United States, Independence Movement, 1765-1775[1]

Walter H. Conser

Decade of nonviolent resistance from 1765 to 1775 that resulted in de facto political independence from the British for a majority of the American colonies. Although often overlooked by historians, the three campaigns that composed this movement operated without force of arms or violence in trying to compel the British government to change its policies….

Three campaigns—against the Stamp Act of 1765, the Townshend Acts of 1767, and the Coercive Acts of 1774—were the focal points of the independence movement. In each case Britain’s introduction of laws affecting the taxation and governing of the North American colonies prompted a campaign of opposition….

The most important types of resistance in this decade of opposition were nonviolent forms of action. Methods of protest and persuasion included demonstrations and parades in behalf of a resistance campaign, the development of political iconography supporting the campaign (such as the Liberty Tree), and the publication of broadsides naming supporters or opponents of the resistance campaign. A mock funeral in Wilmington, North Carolina, in October 1765 dramatized many of these methods. According to the contemporary newspaper account in the North Carolina Gazette, some five hundred Wilmingtonians (out of a total population of eight hundred) met to protest the Stamp Act. They paraded an effigy of Liberty, symbolizing the rights of the colonists that were under attack by the British Parliament. The crowd put the effigy “into a Coffin, and marched in solemn procession with it to the Church-yard, a Drum in Mourning beating before them, and the Town Bells muffled ringing a doleful Knell at the same time.” Just before the crowd interred the coffin, they checked the pulse of Liberty, and were delighted to discover that Liberty was still alive. They “concluded the Evening with great Rejoicings, on finding that Liberty had still an Existence in the Colonies.” Significantly, the newspaper account ended with the observation, “not the least Injury was offered to any Person.”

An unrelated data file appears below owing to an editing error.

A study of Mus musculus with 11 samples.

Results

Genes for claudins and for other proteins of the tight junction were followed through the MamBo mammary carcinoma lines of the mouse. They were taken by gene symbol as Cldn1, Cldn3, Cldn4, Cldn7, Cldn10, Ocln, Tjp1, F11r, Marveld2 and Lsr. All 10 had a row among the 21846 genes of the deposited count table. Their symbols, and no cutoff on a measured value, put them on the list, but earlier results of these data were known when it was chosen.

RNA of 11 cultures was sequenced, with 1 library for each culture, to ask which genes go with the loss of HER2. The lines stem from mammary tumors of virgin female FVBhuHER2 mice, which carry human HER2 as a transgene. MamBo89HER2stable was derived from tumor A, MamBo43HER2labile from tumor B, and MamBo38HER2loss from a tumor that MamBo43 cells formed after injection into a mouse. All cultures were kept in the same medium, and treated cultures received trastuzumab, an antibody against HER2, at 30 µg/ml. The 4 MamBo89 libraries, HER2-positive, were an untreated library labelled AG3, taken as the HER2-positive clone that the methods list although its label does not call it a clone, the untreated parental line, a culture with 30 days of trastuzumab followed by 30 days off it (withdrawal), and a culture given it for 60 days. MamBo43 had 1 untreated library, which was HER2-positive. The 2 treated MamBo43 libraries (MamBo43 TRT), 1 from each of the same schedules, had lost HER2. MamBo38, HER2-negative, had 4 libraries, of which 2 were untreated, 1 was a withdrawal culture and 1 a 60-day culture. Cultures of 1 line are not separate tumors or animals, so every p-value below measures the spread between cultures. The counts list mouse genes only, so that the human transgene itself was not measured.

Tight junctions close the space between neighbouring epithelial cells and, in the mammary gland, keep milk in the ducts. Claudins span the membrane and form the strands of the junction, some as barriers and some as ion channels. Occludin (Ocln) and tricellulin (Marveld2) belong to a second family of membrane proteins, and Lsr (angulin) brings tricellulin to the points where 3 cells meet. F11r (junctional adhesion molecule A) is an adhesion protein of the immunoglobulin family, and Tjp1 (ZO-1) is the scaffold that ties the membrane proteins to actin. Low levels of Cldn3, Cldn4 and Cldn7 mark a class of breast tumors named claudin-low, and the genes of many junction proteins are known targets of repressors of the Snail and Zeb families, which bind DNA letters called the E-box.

Methods of noncooperation varied. Social boycotts of persons opposed to the resistance campaigns are well documented…. Economic forms of noncooperation [included] nonimportation [and]…nonconsumption…[of British goods as well as] refusal to export American materials…such as…lumber.

Methods of political noncooperation included refusing to use existing royal political, judicial, and legislative institutions as well as refusing to dissolve colonial assemblies or intercolonial bodies such as the Continental Congress when ordered to do so. Political noncooperation also involved settling legal cases in [alternative] courts or clearing the papers of incoming or outgoing ships without the required stamps as in the Stamp Act campaign.


  1. Conser, Walter H., Ronald M. McCarthy, David J. Toscano, and Gene Sharp, eds. Resistance, Politics, and the American Struggle for Independence, 1765-1775. Boulder, Colo.: Lynne Rienner, 1986.
  2. Schlesinger, Arthur M. The Colonial Mer¬chants and the American Revolution, 1763-1775. New York: Atheneum, 1968.

[1]Excerpted with authors permission from:

“United States, Independence Movement, 1765-1775″ by Walter H. Conser, Jr. from Protest, Power, and Change: An Encyclopedia of Nonviolent Action from ACT-UP to Women’s Suffrage, Roger S. Powers and William B. Vogele, eds., Garland Pub., NY, 1997, p. 542-545.